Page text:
Elevated levels of carcinogen found in neighbors of Medline sterilization plant

Residents who live close to a Medline Industries sterilization plant in Waukegan, Ill., have higher levels of a cancer-causing chemical in their blood, according to a University of Illinois at Chicago report cited by the Daily Herald

Researchers at UIC tested 93 residents living near Medline's Waukegan plant and reportedly found levels of ethylene oxide 1.5 times higher than the average person. Ethylene oxide is used by Medline to sterilize medical equipment. 

The report comes as concerns over ethylene oxide causing cancer have prompted several medical device sterilization plant closures, causing the FDA to warn of a critical medical device shortage. 

Susan Buchanan, a clinical associate professor of environmental and occupational health sciences at UIC, told the Daily Herald that the research should be taken as pilot surveillance data only and that further research would be needed to confirm the results.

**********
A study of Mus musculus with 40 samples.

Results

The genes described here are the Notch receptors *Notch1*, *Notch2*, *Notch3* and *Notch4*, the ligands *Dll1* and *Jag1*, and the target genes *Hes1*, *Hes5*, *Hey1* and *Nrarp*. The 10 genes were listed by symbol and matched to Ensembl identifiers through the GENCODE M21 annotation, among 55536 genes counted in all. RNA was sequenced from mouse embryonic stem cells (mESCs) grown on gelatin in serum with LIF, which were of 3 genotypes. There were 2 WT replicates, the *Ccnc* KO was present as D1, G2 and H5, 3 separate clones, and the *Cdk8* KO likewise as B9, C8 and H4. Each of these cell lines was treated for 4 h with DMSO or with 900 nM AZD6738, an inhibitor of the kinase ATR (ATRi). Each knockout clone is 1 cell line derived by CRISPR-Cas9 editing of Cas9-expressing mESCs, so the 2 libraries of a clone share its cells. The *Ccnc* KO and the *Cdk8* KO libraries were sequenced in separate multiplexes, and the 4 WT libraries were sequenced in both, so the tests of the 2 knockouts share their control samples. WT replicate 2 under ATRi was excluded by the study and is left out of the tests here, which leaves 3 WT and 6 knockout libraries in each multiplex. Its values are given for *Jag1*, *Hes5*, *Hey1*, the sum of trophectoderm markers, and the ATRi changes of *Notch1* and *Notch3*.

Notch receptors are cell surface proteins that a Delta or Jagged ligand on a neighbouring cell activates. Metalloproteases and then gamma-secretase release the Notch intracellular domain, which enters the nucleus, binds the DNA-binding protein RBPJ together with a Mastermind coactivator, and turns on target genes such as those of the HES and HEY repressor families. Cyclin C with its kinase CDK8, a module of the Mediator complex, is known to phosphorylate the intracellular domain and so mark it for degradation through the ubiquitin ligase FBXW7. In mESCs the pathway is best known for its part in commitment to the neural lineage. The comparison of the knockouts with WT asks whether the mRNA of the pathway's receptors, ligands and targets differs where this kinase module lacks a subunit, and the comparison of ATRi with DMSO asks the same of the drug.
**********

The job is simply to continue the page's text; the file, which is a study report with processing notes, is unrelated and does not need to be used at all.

In a statement sent to Becker's Hospital Review, Medline said the Lake County Health Department's recent readings from its air monitors near the Waukegan facility showed the ethylene oxide levels near the facility were lower than any other EPA-tested area in Illinois. 

"Medline points to this data as proof that we continue to be a safe operator, and it calls into further question the relevance and validity of the partial pilot project studying the hemoglobin adduct levels of people who live and work around Medline," said Medline spokesperson Jesse Greenberg. 

He added that the company's latest emission controls enhancements abate 99.9 percent of all the ethylene oxide used in the facility.